St. Libory
(Saint La-BOR-ee)

St. Libory Depot, 1910

The Railroad Act of 1862 and Supplementary Act of 1864 granted land to railroad companies, the sale of which was to finance said railroads, and resulted in the creation of many towns. One early railroad company, the Omaha and Republican Valley Railroad, owned the rights to a right of way through Howard County. The above-mentioned railroad act granted the railroad company the odd-numbered sections along the right of way, and in some cases up to fifteen miles on either side of said right of way. Early locomotives needed to replenish their fuel and water supply every ten to twelve miles. Wind mills and water towers were always situated in odd-numbered sections. Section 21 was about mid way between Grand Island and St. Paul. A town site, yet to be named, was platted in section 21. This town site consisted of six blocks, blocks 1, 2, and 3 east and parallel with the tracks, blocks 4, 5, and 6 west and parallel with the tracks.

Grace I. A. Bradley, wife of the first depot agent, Anthony R. Bradley, signed a contract October 15, 1873 to purchase all six blocks, receiving clear title, July 6, 1883. In 1891, Fred S. Becker surveyed and re-platted the town site, now named St. Libory and referred to as the St. Libory settlement. This re-platting changed blocks 1, 2, and 3, creating town lots 1 through 17. Starrett's subdivision in 1910 added nine more blocks.

St. Libory Stockyard, 1925
John E. Buhrman on horse

In 1876, William Buddecke, Henry Cordes, John Dingwerth, Conrad Evers, Joseph Gruntmier, Joseph Strehle, and others established a catholic parish on ten acres of land they had contracted to purchase from the Omaha and Republican Valley Railroad, price four dollars an acre. They named this parish St. Libory, after their church Saint Liborius, in St. Libory, Illinois.

A post office was established on May 13, 1875, in a sod house in section 28, about 7/8 of a mile east of the railroad depot. This post office was named Grantville. The first postmaster was Hiram T. Coffman. A petition was circulated and presented to the United Postal Service requesting moving the post office and changing the name to St. Libory. On May 16, 1878, this post office was reestablished as the St. Libory Post Office.

On of the first homes built in what was to become St. Libory was the sod house of Conrad Evers. The Evers home was used for Catholic Mass until completion of the first Catholic Church in 1878. Most structures built after 1877 were constructed of wood, as lumbar was available in Grand Island, the Union Pacific having been completed in 1869.

St. Libory Church

The first wedding, Joseph Strehle to Mary Selbach, 11/30/1877, and the first baptism, Rose Evers, daughter of Conrad Evers, 3/12/1878, were conducted in the Evers sod house. The first church was completed in 1878. The first Mass was offered July 4, 1878. Fire destroyed this church and a new church was completed in 1900. A wood frame parochial school was added in 1888, replaced by a larger brick structure in 1910.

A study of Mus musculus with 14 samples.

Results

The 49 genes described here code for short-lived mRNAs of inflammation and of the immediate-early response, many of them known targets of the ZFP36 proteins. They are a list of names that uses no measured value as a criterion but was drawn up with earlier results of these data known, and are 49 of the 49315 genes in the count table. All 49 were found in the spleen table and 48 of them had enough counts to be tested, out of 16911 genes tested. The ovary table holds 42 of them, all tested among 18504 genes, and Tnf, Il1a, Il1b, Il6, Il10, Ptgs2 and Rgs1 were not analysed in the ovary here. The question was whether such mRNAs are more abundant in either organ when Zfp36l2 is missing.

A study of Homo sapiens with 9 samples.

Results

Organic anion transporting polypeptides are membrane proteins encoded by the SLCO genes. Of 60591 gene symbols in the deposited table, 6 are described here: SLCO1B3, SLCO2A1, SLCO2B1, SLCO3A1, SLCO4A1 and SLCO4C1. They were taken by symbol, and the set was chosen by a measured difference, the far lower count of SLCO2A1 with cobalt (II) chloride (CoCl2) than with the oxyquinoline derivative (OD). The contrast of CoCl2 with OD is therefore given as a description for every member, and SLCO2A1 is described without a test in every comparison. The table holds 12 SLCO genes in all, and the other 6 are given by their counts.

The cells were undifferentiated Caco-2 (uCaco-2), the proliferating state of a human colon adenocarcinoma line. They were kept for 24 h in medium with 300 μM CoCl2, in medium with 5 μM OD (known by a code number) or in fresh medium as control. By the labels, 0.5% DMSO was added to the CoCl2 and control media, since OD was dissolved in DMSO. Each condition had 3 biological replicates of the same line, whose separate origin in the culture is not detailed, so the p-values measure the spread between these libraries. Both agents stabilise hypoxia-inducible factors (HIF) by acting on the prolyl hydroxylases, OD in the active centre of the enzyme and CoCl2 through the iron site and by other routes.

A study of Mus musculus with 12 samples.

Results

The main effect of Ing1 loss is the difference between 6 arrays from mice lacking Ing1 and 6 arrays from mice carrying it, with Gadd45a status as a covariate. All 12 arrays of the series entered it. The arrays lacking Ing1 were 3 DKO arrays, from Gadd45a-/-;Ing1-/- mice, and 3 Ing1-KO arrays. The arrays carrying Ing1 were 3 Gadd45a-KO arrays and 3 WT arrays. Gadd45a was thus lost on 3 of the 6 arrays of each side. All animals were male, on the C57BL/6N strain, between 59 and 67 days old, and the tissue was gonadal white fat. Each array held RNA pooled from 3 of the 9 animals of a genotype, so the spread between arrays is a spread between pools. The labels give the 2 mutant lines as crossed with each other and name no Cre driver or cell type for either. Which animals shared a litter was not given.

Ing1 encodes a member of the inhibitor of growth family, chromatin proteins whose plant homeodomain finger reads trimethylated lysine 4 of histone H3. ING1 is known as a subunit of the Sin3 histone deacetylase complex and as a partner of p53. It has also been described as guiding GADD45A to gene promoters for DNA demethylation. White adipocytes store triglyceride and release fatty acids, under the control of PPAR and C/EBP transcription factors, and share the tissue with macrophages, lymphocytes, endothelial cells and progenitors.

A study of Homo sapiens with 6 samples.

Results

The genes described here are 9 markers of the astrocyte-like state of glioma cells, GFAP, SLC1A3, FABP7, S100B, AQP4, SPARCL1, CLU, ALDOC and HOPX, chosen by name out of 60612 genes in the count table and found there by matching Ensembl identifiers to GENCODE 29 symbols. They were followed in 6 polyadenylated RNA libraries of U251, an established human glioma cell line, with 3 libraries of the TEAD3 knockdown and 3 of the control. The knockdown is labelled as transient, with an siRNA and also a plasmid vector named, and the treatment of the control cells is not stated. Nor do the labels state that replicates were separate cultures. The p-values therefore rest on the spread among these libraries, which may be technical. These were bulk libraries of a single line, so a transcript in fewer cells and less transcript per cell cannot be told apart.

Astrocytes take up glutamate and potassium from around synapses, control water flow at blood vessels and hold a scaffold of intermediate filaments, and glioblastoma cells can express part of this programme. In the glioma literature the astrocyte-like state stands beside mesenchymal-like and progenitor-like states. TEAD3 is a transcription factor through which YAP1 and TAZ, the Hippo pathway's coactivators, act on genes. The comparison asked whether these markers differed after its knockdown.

1880 saw the completion of the railroad to St. Paul. St. Libory boasted a population of 30. This thriving community had two churches, Catholic and Baptist, a mill, general store, blacksmith shop, livery, a saloon, and the Illinois House, a hotel, was under construction by John Dingwerth. Over the years St. Libory had two hotels, grocery stores, hardware stores, saloons, blacksmith shops, a creamery, two doctors, a lumber yard, a butcher shop, a bank, auto and implement dealers, billiards parlors, a grain elevator, and a livery. The peak population of 175 was reached in 1960. It now appears on the increase.

St. Libory Band, 1915

Illinois House Hotel, 1896


Congress passed the Homestead Act in 1862; the purpose was to populate the land west of the Missouri River. Until the railroad companies began advertising cheap land in 1872, there were few takers. One of the first homesteaders to settle in the area was J. A. Haggart. In 1873 he homesteaded the northwest 1/4 of section 28. Other homesteads were Charles Roberts, Claus Steffen, Roselle, Schrieves, and in 1874 Marten Jensen, Miles Randell, and George Campbell. By 1875 all the free government land in the area had been taken, leaving only railroad land to be purchased. Among those purchasing land from the railroad in 1876 were Joseph Strehle, Joseph Gruntmier, William Buddecke, Diedrich Buhrman, Conrad Evers, John Dingwerth, and Henry Cordes. Other new arrivals included Bernard Pranger, Ed and Anthony Assendrup, Joseph Eller, Henry and Nick Kerssens, Nicholas and Mathew Arends, Herman Franssen, Vincent Horek, Henry Gerdes, and many others.

J. C. Buhrman Garage, 1923

St. Libory Grain Elevator

It appeared as though St. Libory, like a lot of other small towns, was destined to a slow death by depopulation, however, with the completion of four lanes of highway 281, new life may be in the fore. A new quick shop and filling station has sprouted, the Catholic Church has constructed a large community hall, additional subdivisions have been added, and new housing construction appears everywhere.

Many thanks to Bryon B. Buhrman for providing this history and the photographs.